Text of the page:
The United Nations (UN) has revealed that bad governance was the major force behind the rise of extremist groups around Africa, including Nigeria’s Boko Haram.
The UN also mentioned poverty and marginalization as important factors driving the radicalization of young Africans.
This was contained in a new study published on Thursday.
The study’s conclusions were arrived at following interviews of 495 former members of terrorist organisations such as Nigeria’s Boko Haram, the Shabaab in Somalia, and the Islamic State in Sudan.
According to the UN Development Programme (UNDP), 33,300 people were killed in attacks by violent extremists in Africa between 2011 and the start of 2016.
It said Boko Haram alone was responsible for at least 17,000 deaths and the displacement of more than 2.8 million people, leading to a humanitarian crisis in the Lake Chad region.
The two-year study stated that the most likely recruit for jihadists was “a frustrated individual, marginalised and neglected over the course of his life, starting in childhood”.
Youths faced with limited economic and job prospects combined with little trust in the government to provide opportunities, especially in remote, border areas, were likely to be susceptible to conversion, the report found.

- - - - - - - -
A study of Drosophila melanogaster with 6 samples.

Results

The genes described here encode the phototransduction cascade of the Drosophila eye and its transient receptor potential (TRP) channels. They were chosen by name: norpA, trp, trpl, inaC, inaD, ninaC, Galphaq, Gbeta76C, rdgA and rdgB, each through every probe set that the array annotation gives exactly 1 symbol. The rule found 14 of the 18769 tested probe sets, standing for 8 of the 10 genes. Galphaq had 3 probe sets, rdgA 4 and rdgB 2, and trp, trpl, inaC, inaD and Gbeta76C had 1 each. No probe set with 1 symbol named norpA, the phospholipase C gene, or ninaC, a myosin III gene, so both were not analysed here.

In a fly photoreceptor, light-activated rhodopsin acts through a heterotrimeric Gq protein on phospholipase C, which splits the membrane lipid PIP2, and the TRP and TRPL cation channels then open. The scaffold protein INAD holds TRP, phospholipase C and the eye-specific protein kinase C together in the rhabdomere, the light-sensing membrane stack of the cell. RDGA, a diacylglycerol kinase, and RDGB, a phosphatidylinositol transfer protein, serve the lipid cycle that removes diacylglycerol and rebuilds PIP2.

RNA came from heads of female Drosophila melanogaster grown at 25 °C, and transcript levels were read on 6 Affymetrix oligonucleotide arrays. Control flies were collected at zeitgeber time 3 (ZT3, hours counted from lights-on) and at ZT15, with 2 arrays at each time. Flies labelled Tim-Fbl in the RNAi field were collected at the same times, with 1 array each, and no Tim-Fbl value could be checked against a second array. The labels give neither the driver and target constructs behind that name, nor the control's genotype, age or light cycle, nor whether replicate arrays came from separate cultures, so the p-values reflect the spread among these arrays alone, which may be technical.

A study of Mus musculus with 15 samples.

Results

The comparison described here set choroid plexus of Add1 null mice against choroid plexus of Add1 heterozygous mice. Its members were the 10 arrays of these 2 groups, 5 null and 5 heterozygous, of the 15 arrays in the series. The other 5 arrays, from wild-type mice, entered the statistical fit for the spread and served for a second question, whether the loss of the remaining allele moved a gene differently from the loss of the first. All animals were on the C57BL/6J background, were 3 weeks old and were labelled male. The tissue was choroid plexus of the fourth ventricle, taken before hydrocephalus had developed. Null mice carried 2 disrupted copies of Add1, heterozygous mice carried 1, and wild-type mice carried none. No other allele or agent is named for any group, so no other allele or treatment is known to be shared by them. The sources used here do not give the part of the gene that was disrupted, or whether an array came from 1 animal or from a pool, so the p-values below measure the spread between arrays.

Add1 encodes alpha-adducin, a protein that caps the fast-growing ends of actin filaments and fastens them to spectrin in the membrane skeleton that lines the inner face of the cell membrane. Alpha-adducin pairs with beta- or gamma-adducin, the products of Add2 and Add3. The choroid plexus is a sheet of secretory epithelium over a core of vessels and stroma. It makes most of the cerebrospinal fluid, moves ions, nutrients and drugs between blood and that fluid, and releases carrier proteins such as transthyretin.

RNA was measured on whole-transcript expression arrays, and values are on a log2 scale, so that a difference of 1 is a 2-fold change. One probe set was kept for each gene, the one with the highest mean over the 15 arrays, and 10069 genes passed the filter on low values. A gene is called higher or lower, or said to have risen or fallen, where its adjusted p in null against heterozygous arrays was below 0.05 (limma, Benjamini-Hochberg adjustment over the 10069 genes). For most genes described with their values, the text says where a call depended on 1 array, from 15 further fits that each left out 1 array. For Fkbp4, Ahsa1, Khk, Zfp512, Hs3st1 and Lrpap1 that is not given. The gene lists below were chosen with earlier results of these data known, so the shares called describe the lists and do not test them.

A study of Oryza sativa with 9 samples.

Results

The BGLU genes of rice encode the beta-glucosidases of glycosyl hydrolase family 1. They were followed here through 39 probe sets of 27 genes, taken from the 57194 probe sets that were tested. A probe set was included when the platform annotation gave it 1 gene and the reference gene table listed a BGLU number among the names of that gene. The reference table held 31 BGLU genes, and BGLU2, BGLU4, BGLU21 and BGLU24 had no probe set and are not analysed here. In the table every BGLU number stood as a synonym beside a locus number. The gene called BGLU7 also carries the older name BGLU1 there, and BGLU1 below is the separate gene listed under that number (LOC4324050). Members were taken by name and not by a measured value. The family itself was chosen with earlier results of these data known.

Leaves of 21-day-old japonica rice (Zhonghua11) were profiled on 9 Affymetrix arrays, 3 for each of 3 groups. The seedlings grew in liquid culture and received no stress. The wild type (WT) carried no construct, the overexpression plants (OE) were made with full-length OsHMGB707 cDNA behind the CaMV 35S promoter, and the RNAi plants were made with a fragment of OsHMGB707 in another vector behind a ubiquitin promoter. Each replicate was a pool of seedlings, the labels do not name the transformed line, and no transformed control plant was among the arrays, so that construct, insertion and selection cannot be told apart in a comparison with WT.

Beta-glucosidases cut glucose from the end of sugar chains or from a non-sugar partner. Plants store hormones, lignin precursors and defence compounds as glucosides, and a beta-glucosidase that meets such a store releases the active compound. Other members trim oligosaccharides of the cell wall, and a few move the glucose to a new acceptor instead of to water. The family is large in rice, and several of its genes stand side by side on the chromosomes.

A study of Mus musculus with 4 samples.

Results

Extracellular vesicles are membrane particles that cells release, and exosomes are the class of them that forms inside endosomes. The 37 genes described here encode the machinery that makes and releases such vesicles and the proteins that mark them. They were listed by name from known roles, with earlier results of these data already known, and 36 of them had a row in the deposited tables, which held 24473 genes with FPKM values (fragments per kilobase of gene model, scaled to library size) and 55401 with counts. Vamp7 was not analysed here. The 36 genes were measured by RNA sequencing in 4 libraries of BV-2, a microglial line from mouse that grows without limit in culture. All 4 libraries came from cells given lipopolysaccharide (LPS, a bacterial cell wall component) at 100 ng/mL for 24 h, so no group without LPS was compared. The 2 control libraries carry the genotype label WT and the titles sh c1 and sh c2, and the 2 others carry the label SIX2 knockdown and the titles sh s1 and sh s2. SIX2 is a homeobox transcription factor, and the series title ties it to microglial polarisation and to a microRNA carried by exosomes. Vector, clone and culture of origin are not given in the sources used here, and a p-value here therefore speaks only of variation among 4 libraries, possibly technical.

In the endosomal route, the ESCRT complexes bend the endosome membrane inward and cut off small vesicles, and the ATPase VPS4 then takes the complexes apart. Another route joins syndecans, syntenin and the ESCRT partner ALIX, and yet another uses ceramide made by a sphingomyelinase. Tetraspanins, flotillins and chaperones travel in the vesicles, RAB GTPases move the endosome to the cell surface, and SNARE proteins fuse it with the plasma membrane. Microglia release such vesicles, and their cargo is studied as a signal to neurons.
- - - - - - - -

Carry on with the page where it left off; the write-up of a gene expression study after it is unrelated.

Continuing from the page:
Interestingly, the UNDP found that less than half of those interviewed cited religion as a motivating factor.
More than half (57 percent) of the voluntary recruits admitted to understanding “little to nothing of the religious texts or interpretations, or not reading religious texts at all”.
However, nearly 71 percent said government action such as the arrest or killing of a family member was often the tipping point for their decision to join.
UNDP Africa director, Abdoulaye Mar Dieye, said the study’s findings should be a wake-up call for governments across the continent to improve governance for their citizens.
“Delivering services, strengthening institutions, creating pathways to economic empowerment — these are development issues.
“There is an urgent need to bring a stronger development focus to security challenges”, he stated at the launch of the report in New York.
Regardless of the initial reasons for joining jihadist groups, the study indicated that a large number of those questioned were disillusioned by their experience.
One-third of respondents said they were never paid, with some saying they never found the wife they were promised, while others ended up regretting the violence and destruction they contributed to.